I found it hard to pin down my Top 5 – there are so many I enjoy – so I started to look at it from the point of view of ‘if I was writing that novel I really want to read, what tropes would I include?‘
As I was writing that list I found that a single author kept popping up in my list of examples – I really enjoy a lot of the tropes they use (and subvert) in their varied work. So, this has now become;
Top 5 Tropes I Want More Of, Or, How To Trope Like Gaiman
In no particular order;
~ The Fair Folk / The Fey ~
In old folklore, the Fair Folk were characterised as not usually good for the health of humans, best to be avoided and always to be respected. Then Victorians and Disney happened, making all Fair Folk into cutesy little winged creatures who grant wishes. Sarah (of The Labyrinth) found this wasn’t true – to her cost – and we best learn caution before we meet the Fey of Gaiman’s worlds.
My first contact with his Fey was in The Sandman, where a good few of his Fairy characters are either outright malicious or extremely self-centred – but that’s completely normal for them. Gaiman revisits the Fey throughout his works, including an adventure in the land of Faerie in Stardust.
I really enjoy visiting the world of the fey, either when a character visits their world or they are living amongst us (or we amongst them?) There is such a rich variety of stories and possibilities where The Fey are involved, you can never predict what will happen next – but it will be an adventure.
Other great examples: Holly Black’s Modern Faerie Tales, Susanna Clarke’s Jonathan Strange and Mr Norrell, Terry Pratchett’s Discworld (Tiffany Aching)
~ Blue and Orange Morality ~
Where characters have a moral framework that is so different from human experience that ‘good’ or ‘evil’ can’t be applied, we may find their actions strange, abhorrent or confusing but they makes complete sense to them.
Again we have the Fey (The Sandman, The Books of Magic and Stardust) and all appearances by Ancient Gods (in any form including in American Gods) throughout his work.
Our need to define anything by our own views of ‘good’ or ‘bad’ is totally turned on its head when we come across a character or species who behaves completely within the realms of their own morality. All bets are off until we figure out why they do what they do – and that makes for an interesting story and contemplation on the nature of morality. And must be so fun to write!
Other great examples: Holly Black’s Modern Faerie Tales, Cthulhu Mythos, Warhammer fiction e.g. Valkia the Bloody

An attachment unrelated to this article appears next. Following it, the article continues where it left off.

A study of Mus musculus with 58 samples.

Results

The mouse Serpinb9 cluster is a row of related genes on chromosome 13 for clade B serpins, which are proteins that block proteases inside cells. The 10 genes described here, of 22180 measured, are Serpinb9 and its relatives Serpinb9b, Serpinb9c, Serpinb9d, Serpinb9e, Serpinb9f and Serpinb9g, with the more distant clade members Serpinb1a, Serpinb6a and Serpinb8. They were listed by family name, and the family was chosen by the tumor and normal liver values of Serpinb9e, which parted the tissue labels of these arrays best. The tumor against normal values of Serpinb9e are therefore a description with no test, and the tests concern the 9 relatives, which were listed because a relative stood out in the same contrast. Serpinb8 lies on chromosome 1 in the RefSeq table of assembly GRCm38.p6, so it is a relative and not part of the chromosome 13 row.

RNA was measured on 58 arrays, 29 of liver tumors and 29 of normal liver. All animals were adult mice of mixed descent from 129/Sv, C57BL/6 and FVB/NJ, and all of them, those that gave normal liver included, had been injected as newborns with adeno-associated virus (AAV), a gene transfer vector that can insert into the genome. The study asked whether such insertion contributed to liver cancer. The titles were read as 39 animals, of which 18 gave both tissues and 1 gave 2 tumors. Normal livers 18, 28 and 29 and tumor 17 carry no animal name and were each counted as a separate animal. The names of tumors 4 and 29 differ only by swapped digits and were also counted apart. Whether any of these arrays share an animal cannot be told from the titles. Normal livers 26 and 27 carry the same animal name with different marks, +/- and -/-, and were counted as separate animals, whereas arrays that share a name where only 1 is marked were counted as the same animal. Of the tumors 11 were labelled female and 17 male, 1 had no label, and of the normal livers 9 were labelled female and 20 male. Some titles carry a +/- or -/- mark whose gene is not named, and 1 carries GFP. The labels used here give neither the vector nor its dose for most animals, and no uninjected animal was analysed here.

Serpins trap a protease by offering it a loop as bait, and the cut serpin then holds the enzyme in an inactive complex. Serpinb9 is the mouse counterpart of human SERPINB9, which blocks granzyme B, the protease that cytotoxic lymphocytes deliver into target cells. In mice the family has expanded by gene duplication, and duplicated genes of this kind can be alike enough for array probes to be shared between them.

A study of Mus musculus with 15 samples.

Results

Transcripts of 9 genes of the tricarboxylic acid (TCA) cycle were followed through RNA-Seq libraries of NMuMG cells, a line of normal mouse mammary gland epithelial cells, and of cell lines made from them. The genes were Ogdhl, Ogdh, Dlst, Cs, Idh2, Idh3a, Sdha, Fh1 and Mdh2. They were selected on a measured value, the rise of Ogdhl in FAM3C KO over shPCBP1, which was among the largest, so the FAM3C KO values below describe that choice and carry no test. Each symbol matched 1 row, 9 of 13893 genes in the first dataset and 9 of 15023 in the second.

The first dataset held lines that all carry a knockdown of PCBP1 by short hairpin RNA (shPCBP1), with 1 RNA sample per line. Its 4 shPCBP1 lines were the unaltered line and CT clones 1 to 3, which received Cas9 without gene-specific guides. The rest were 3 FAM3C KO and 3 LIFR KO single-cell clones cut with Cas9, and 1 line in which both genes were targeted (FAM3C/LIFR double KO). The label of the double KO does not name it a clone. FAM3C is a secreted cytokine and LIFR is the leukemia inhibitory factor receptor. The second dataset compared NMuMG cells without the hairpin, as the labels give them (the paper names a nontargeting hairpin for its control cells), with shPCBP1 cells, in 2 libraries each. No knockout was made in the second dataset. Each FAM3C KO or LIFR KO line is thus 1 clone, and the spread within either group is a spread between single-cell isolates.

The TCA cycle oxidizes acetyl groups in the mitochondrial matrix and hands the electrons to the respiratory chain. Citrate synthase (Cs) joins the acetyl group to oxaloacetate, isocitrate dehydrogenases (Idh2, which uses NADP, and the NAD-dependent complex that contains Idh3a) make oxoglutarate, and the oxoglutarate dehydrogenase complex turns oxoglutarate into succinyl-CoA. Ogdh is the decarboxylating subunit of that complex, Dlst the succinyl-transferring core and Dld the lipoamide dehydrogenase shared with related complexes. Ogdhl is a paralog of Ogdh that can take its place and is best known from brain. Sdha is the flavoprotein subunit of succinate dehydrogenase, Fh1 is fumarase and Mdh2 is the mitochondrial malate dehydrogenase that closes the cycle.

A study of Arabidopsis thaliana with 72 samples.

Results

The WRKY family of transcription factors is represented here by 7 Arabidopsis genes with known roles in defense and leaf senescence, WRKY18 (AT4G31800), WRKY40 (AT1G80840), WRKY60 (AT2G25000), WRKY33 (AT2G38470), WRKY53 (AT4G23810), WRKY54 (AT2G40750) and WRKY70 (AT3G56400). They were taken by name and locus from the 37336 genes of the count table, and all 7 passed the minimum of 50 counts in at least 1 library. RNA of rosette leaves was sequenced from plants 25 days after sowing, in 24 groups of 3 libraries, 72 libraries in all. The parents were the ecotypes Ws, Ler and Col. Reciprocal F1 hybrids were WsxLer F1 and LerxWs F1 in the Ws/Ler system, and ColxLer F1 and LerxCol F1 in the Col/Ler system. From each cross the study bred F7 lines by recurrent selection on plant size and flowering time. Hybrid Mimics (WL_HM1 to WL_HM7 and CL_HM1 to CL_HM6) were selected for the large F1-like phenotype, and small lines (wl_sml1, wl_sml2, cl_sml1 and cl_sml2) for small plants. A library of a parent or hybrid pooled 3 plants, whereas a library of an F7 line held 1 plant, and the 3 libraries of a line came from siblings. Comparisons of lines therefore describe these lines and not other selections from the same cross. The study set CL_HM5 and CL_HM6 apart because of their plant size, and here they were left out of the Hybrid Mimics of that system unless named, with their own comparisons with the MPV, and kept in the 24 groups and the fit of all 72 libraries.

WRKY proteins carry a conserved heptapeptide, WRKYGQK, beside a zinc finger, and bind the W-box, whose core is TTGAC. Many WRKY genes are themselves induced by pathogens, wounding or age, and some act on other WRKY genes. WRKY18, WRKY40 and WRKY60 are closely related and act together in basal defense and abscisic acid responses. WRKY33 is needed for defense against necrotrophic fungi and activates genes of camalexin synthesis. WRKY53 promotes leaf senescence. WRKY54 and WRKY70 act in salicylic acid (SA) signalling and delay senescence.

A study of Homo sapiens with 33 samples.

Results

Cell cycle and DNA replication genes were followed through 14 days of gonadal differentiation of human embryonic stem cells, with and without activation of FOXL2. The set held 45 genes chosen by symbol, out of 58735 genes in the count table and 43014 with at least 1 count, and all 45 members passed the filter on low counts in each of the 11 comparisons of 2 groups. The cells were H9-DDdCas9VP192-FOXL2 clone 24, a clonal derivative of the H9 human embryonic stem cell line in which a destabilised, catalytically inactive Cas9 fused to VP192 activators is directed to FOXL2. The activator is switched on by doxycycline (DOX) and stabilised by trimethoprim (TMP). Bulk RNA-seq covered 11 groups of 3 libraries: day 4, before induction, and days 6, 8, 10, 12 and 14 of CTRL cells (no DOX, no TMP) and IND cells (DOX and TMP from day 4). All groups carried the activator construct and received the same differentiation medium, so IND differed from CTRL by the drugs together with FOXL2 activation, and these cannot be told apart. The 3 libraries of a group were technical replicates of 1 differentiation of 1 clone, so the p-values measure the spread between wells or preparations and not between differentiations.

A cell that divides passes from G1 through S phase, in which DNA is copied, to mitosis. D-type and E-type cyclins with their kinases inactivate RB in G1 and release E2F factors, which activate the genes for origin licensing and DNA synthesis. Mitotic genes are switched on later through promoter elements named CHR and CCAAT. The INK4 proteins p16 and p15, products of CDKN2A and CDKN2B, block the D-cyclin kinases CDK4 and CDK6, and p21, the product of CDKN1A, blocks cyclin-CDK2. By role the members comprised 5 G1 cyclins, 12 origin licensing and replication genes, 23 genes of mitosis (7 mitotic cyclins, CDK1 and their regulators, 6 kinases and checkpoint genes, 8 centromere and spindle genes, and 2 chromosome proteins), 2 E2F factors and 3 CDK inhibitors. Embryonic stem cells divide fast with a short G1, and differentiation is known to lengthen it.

~ Massive Multiplayer Crossover ~
A crossover story that includes characters from more than two works of fiction.
Although the name of the trope is a pun on Massive Multiplayer Online games, the earliest example of this trope in action is Argonautica by Apollonius Rhodius (3rd century BCE) which features nearly every ancient Greek mythical hero all going on a quest to find the Golden Fleece. I’m not sure what they called the trope back then though – it’s all Greek to me.
I write about A Study In Emerald at length when I recommended it as a great Short Story Pick but, as well as being a nod to both Sir Arthur Conan Doyle’s Sherlock Holmes characters and H.P Lovecraft Cthulhu mythos, there are references to characters from Victorian fiction throughout.
In these types of stores, once you figure out that its a MMC, it’s great fun trying to match characters to their other works of fiction or just watching characters interact with each other.
Other great examples: Kim Newman’s Anno Dracula series
~ The Masquerade ~
The Masquerade is where the world of humans is real enough, but they’re not the only ones who inhabit it. Supernatural creatures (vampires, fey, werewolves, etc.) or those with magical abilities have chosen (or are forced) to keep their existence a secret. Or there is another reality alongside our own that we are blind to – for our own sanity – unless we seek it out.
Gaiman’s Neverwhere started life as an urban fantasy television series that later became a book. The idea for the story came from a conversation between Gaiman and Lenny Henry about a possible television series. Henry suggested a story with tribes of homeless people in London. Gaiman was initially reluctant to commit, as he feared that making the homeless appear ‘cool’ might cause more young people to attempt to emulate the characters, but decided that the effect could be avoided by making the story more removed from reality.
We travel to London Below, a magical realm that coexists with our own London Above with its own rules. The Masquerade is kept when those from London Above, once they are aware of this Other London, becoming displaced and forgotten by those they leave behind, thus becoming part of London Below. Or by being murdered when they ask too many questions.
A world within our world but hidden – such a fun trope that has been used by so many.
Other great examples: L.J Smith’s Nightworld Series, Cthulhu Mythos, Harry Potter
~ Anthropomorphic Personifications ~
The personification of a phenomenon or a concept.
Gaiman does this well and in spades. In The Sandman comics he created, The Endless, a family of seven siblings who are the personifications of cosmic power; Dream, Death, Destruction, Destiny, Despair, Desire and Delirium.
I love this comic series and could go on about it for ages. So, instead I’ll share a rare picture of (almost all) the dysfunctional Endless siblings together.
Other great examples: Terry Pratchett’s Discworld.
This post comes from the tag Top 5 Tuesdays hosted by Shanah over at Bionic Book Worm.